CLYBOURNE PARK is one of the most acclaimed plays in recent times, and with good reason. It tackles issues of race, gender, war, and suicide and does so with a unique sense of humor and a lot of heart. I had completely different expectations from the show; I think I was expecting something like Archie-Bunker-meets-Goodtimes, but instead what was presented was a well-written and well acted creative and entertaining two-act play. Act One is set in 1959 and as soon as the show opens there is tension in the air. The dialogue started slow but set the tone for an underlying anxiety that had me on the edge of my seat more than a few times.
I was especially taken with the work of Diedre Madigan (in both acts) and was moved to tears by the work of Wilbur Edwin Henry in Act One. Madigan played the typical 50’s woman, overwrought but keeping up the image of strength required of a proper housewife. In Act Two, she nailed the tough-as-nails middle aged professional woman who was just a little detached from the real world around her. I feel sorry for the people on the other side of the theater who she had her back to for much of Act Two because I thought she was absolutely dynamite but I’m not sure they could see all the facial expressions she was giving.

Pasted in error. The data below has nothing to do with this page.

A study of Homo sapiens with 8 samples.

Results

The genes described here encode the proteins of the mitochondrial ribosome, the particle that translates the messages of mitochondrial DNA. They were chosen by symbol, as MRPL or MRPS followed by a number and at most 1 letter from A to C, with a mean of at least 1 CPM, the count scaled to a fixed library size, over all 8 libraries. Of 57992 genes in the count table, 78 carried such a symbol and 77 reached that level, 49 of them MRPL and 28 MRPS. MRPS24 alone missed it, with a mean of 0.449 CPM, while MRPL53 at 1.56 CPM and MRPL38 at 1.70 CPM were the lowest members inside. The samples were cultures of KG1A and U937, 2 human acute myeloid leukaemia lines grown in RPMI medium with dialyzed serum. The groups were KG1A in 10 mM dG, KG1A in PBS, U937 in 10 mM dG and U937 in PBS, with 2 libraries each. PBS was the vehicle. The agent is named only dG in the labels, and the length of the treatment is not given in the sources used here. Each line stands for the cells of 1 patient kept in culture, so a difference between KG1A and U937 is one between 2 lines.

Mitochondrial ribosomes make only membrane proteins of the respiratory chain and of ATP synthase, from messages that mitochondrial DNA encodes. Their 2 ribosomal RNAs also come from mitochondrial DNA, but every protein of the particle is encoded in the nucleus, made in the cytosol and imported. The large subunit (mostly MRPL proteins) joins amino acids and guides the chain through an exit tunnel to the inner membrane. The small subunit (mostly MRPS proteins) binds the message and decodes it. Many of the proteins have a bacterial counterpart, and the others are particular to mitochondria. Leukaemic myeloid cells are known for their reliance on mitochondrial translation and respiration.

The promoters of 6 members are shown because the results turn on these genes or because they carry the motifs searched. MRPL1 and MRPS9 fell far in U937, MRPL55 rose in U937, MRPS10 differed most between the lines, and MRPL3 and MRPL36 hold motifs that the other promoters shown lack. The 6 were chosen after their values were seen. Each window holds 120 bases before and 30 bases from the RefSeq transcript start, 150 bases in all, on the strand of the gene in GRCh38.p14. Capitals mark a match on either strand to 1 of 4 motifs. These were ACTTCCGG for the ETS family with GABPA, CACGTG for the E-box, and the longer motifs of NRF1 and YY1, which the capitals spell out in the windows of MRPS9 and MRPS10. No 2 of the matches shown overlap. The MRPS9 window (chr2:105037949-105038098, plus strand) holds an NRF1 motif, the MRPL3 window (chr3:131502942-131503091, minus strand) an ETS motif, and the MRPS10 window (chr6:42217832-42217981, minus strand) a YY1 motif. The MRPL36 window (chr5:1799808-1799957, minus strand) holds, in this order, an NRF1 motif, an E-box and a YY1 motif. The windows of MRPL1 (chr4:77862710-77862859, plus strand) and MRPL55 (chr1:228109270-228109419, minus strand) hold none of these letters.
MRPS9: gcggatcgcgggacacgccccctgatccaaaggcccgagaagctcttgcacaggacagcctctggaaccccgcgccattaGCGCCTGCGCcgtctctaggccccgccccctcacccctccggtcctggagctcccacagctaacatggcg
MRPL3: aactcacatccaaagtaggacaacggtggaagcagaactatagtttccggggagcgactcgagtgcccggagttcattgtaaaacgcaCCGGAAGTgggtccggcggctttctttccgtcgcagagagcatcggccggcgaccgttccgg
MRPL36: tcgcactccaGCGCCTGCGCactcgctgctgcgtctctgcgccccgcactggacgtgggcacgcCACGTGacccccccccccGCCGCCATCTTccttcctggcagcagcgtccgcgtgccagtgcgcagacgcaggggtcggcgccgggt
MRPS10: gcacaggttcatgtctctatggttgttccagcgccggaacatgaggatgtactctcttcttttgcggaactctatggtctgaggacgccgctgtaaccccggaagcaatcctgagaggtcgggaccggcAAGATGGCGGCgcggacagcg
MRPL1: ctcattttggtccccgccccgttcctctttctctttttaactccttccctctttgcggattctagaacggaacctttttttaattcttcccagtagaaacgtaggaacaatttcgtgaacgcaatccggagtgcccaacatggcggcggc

Without giving away any of the delicious but very sad plot points, I found Henry’s meltdown to be realistic and emotional but it was his quiet restraint up to that point that reminded me of many men of his era that I’ve known who were not afraid of confrontation but polite enough to avoid it as much as possible . . . until they are pushed to their breaking point.
There were several great laughs, but what was perhaps the most striking to me were the awkward groans and gasps from the audience. The young woman seated next to me actually hid inside her sweater at one point because of the uncomfortable direction the discussion on stage was taking. Any reaction is good, I’ve heard said, and I think these reactions were very very good.
If I had any complaints, it was that the staging made it difficult to hear (for some of the older patrons in my section) and hard to see because several actors and their backs to me for much of the show. The same would be true for those seated on the opposite side of the theater. However, I still was able to feel the tension they built regardless of not having an idea seat.
I highly recommend you see this new contemporary work. I think it will become a classic, because while the themes and issues are timely they are also timeless.
CLYBOURNE PARK runs at the Cincinnati Playhouse in the Park through February 16th.